The primary issue boils down to a zoning rights fight which started in 2016 when the establishment believed it would be allowed to operate based on conversations it had with city officials. When Hustler Hollywood sought permits to put up signage, the city denied those permits citing zoning restrictions prohibiting adult stores. Unfortunately for the chain of adult stores, the courts have sided with the city zoning board in finding that it would be a violation of the city's zoning law to permit the store to operate next to the popular kids' restaurant, even if the store promised not to hold classes or other events.
Curiously, the proposed location of the Hustler Hollywood establishment is located across the street from an area that is zoned in such a way that the store could operate. Regardless of this fact, the appellate and lower courts both found that the zoning board's decision to deny Hustler the right to operate was not a constitutional violation, as alleged.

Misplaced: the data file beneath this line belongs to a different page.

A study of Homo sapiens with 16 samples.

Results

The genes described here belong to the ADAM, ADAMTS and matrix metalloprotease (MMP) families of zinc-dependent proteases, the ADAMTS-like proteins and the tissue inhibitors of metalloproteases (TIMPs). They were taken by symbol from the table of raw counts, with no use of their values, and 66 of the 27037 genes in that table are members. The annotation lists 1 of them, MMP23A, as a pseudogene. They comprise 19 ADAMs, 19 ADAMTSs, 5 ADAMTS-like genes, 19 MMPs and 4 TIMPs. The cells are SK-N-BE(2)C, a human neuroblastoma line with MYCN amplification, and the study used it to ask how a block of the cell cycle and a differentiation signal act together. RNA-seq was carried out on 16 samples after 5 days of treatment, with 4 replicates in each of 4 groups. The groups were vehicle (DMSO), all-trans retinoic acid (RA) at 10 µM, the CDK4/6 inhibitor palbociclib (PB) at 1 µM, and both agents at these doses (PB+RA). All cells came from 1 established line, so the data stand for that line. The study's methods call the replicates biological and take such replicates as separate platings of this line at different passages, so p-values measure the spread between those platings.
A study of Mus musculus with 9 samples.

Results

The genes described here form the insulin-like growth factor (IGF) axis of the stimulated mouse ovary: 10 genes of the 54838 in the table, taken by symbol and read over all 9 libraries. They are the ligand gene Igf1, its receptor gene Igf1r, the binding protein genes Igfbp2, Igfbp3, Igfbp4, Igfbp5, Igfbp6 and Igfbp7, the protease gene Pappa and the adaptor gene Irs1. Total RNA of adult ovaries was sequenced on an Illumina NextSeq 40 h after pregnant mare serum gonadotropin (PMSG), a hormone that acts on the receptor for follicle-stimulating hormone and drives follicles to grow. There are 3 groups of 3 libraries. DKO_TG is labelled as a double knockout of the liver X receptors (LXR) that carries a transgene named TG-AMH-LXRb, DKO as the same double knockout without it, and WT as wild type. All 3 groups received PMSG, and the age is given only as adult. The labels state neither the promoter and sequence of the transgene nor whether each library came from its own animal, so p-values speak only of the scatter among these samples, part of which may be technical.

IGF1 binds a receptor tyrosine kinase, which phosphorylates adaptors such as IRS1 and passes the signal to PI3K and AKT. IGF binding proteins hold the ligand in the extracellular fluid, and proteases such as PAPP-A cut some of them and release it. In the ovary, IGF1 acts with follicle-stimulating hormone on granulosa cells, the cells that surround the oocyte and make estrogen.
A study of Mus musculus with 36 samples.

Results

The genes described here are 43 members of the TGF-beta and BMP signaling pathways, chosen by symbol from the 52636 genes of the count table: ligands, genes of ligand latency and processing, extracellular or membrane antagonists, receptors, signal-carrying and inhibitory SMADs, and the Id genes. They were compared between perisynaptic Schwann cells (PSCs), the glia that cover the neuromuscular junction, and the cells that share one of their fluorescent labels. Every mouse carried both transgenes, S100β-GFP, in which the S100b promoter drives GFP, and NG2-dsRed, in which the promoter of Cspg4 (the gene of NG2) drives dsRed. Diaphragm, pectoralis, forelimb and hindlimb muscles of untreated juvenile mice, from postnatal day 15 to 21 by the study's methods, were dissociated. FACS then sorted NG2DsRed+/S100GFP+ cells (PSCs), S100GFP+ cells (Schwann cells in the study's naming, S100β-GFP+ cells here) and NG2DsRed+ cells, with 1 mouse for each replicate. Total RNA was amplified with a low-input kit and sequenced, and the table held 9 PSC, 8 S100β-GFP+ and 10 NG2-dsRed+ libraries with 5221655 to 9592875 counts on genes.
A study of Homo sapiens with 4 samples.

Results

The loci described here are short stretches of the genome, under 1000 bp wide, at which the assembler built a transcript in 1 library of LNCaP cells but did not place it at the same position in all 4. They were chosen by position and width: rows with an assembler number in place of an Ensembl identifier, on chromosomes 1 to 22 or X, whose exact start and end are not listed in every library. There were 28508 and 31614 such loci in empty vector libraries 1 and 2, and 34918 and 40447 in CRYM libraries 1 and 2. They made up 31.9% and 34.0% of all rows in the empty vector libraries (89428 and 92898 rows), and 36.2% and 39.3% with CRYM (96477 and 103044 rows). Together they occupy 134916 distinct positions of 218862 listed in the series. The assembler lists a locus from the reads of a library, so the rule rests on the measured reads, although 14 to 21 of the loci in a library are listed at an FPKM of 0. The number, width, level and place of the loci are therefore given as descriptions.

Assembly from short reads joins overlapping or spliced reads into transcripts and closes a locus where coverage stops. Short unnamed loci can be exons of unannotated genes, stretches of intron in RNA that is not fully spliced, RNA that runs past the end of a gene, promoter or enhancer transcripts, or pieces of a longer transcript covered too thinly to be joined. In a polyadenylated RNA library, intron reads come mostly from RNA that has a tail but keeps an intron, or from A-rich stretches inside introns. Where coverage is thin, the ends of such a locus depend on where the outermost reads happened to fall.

The courts explained that the restrictions are reasonable, in that stores located within that zone can sell adult products, but cannot have these be a primary source of revenue (not more than 25%). Additionally, the court found that there was no equal protection violation in the denial.
While Hustler Hollywood continues to argue that their establishment is not an adult bookstore, nor an adult entertainment service, the Seventh Circuit Court of Appeals just didn't buy it. The court explains, in graphic detail, that Hustler attempted to classify many of their products as not adult products in order to get around the zoning rules. Despite clever use of language, the court was quick to point out that it knew that the phrase "marital aids" was code for "sex toys."